Caroline Rosenquist, Northern Star
Netflix is considering policy enforcement changes that may make password sharing between friends and family more difficult. The goal is to make Netflix a single household service. This is a bad policy choice because it will either be ineffective at doing its job (stopping Netflix piracy) or it will negatively impact customers who follow all of Netflix’s rules.
Password sharing with many friends is bad from a business standpoint because no company is going to be worried about the people pirating their product or service. That is the express purpose of the potential new enforcement policy.
Select users of Netflix received a message to verify their account if they were not the primary account holder while on Netflix, according to Gammawire. When presented with this message, users can either have a code sent to the account holder (text or email) and then type the code in, or they can click Verify Later and continue watching Netflix. It hasn’t happened more than once to the users affected by the message, and clicking Verify Later sent the message away. However, Netflix could implement the appearance of this message for all users. Netflix Research says Netflix uses something called an A/B experiment “to test nearly all proposed changes to our product.” This means that some users will experience a change while other users will experience no changes. It is unknown if this change will be absorbed into the default Netflix experience or not.
Account sharing has always been against Netflix’s Terms of Service. Section 4.2 of the terms of service reads, “The Netflix service and any content viewed through our service are for your personal and non-commercial use only and may not be shared with individuals beyond your household. During your Netflix membership, we grant you a limited, non-exclusive, non-transferable right to access the Netflix service and view Netflix content through the service.”
This means sharing passwords with your friends isn’t allowed unless they live with you. It also means that using your parent’s Netflix account while in college isn’t supposed to be allowed either. Historically, there has been little issue with this section of the terms of service and Netflix hasn’t enforced this rule.
Netflix plans limit the number of screens that can display Netflix at the same time but do not limit the number of devices that can be logged in at once. At the highest level, as long as no more than four screens are displaying Netflix, any number of devices can have the same account tied to it.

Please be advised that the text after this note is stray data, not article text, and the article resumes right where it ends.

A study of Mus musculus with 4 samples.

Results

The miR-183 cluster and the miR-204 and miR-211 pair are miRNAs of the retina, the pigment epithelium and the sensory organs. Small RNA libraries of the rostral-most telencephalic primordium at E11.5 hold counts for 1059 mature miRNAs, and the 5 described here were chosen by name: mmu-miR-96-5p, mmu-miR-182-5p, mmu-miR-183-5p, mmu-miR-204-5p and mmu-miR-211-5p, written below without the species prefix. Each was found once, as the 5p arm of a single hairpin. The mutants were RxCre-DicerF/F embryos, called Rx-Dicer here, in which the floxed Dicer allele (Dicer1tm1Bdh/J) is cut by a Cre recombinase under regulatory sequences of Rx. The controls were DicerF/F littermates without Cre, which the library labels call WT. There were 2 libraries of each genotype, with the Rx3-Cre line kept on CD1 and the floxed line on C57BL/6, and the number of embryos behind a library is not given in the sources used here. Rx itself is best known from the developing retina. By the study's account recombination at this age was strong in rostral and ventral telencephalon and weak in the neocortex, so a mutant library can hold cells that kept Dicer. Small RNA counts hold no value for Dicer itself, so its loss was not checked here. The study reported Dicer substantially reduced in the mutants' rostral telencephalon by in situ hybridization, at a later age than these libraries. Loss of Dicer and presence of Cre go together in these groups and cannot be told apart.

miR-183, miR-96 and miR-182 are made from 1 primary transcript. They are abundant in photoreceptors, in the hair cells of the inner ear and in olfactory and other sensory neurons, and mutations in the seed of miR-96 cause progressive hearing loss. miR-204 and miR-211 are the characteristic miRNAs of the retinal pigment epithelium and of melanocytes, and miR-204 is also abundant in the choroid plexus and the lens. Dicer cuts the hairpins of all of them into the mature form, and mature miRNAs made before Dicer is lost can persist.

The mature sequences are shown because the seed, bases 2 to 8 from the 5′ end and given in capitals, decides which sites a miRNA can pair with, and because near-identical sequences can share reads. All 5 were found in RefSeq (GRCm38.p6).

The “crackdown” on account sharing may be linked to the pandemic. The LA Times wrote that in mid-2020, OnePoll, in conjunction with Tubi, conducted some market research finding that 42% of Tubi customers said they shared or received passwords since the start of the pandemic. It would not be surprising to find similar statistics in other streaming services such as Netflix. Leaders at Netflix may want to capitalize on lost revenue by encouraging users to buy their own accounts with this new program.
This crackdown may negatively impact families if the Verify Later option is eliminated, which is necessary to make the program effective at reducing password sharing across households, which is what Netflix wants. The person whose phone number or email is linked to the account may not be home all the time. If the account holder travels for work it may be difficult for their children or spouse to contact the account holder for the verification information. It also would be another irritating message and verification for someone just trying to relax to get through.
The only real way that this program can be effective at its goal— curbing multi-household use— is if the Verify Later option is either reduced or not available. Users could easily ignore the function and never bother to verify their account. Other than a potential guilt factor, there is hardly an incentive to try to verify from a multi-household account. Netflix’s Premium plan clearly assumes that it is going to be used across households.
It is unreasonable to assume that the four screens of simultaneous use offered by the Premium plan are intended to be used by just one family in one home. Assuming the Verify Later option is limited, there is little reason to buy Premium anymore, if this system were to go into effect. The average American household has 2.63 people, according to Census Bureau data, reports The Pew Research Center. Without an account being used across multiple households, even by raising the average number of people per household, the Premium plan wouldn’t be worth it. For college students living in dorms using their parents’ Netflix password, this will make it more difficult to access a service that the parents intended for their child to use.
Netflix CEO Reed Hastings specifically promised password sharing with your kids is completely fine in a 2016 interview with CNBC. Despite this promise, the fact remains that a request to verify accounts would make it more difficult for families with parents who travel for work, or students in college to access a service paid for them to use.